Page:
Disappearing Bees Could Have A Huge Impact On The World’s Food Supply

Wild bumblebee populations around America are disappearing at rates, which are causing alarm for farmers. Bees and other native pollinators decreases could adversely impact crops during the coming growing season. The advantages offered by wild pollinators is reportedly surpass the benefits offered by domesticated pollinators.

A bee study published by the Science journal found that the threat posed to crops in America could be even more severe than previously thought. A team of 46 researchers reviewed the pollination, which occurred in 600 fields and more than 40 different crop varieties. Wild bees and other native pollinators reportedly worked twice as well on specific crops than domesticated honeybees and pollinators.

Crops which responded significantly better with wild honeybees doing the pollinating include coffee, oilseed, tomatoes, almonds, and strawberries, Counsel and Heal notes. The number of domesticated honeybees in the farming area did not help make up for the loss of wild bees, according to pollination project researchers.

Research leader Lucas Garibaldi had this to say about the crop dangers posed by the decreasing number of wild bees:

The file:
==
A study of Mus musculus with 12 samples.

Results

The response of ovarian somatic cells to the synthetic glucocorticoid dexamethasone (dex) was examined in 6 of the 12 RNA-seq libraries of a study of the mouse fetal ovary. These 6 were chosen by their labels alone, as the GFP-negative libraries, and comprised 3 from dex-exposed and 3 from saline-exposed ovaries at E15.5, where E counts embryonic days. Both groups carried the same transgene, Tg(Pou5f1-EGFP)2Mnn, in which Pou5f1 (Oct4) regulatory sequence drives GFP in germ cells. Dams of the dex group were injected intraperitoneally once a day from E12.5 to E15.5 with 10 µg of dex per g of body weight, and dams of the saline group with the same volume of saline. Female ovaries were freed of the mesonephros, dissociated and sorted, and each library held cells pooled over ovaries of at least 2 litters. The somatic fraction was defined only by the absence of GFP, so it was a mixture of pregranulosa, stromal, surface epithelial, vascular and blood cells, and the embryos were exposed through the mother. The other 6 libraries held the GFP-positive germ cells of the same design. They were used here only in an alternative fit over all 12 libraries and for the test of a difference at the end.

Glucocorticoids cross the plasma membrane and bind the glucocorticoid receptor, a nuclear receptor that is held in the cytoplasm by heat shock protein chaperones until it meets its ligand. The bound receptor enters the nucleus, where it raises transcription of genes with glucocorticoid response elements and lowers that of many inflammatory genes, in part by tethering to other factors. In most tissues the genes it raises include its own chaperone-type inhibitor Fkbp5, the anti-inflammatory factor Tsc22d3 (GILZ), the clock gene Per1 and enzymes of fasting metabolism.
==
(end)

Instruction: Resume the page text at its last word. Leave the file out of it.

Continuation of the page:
“It was astonishing. The result was so consistent and clear. We know wild insects are declining so we need to start focusing on them. Without such changes, the ongoing loss is destined to compromise agricultural yields worldwide.”

Approximately three-fourths of the crops in the entire world rely on pollination to thrive and grow. The decline in the bumble population was reportedly cause by the use of pesticides and diseases, the New York Times notes. Scientists largely believe the wild bees pollinate better because they possess a more vast range of pollination techniques than domesticated honeybees. Wild bees typically cross-pollinate more frequently because they roam on more plants than honeybees.

Are you concerned that a decrease in wild bees could ultimately have a devastating impact on the food supply?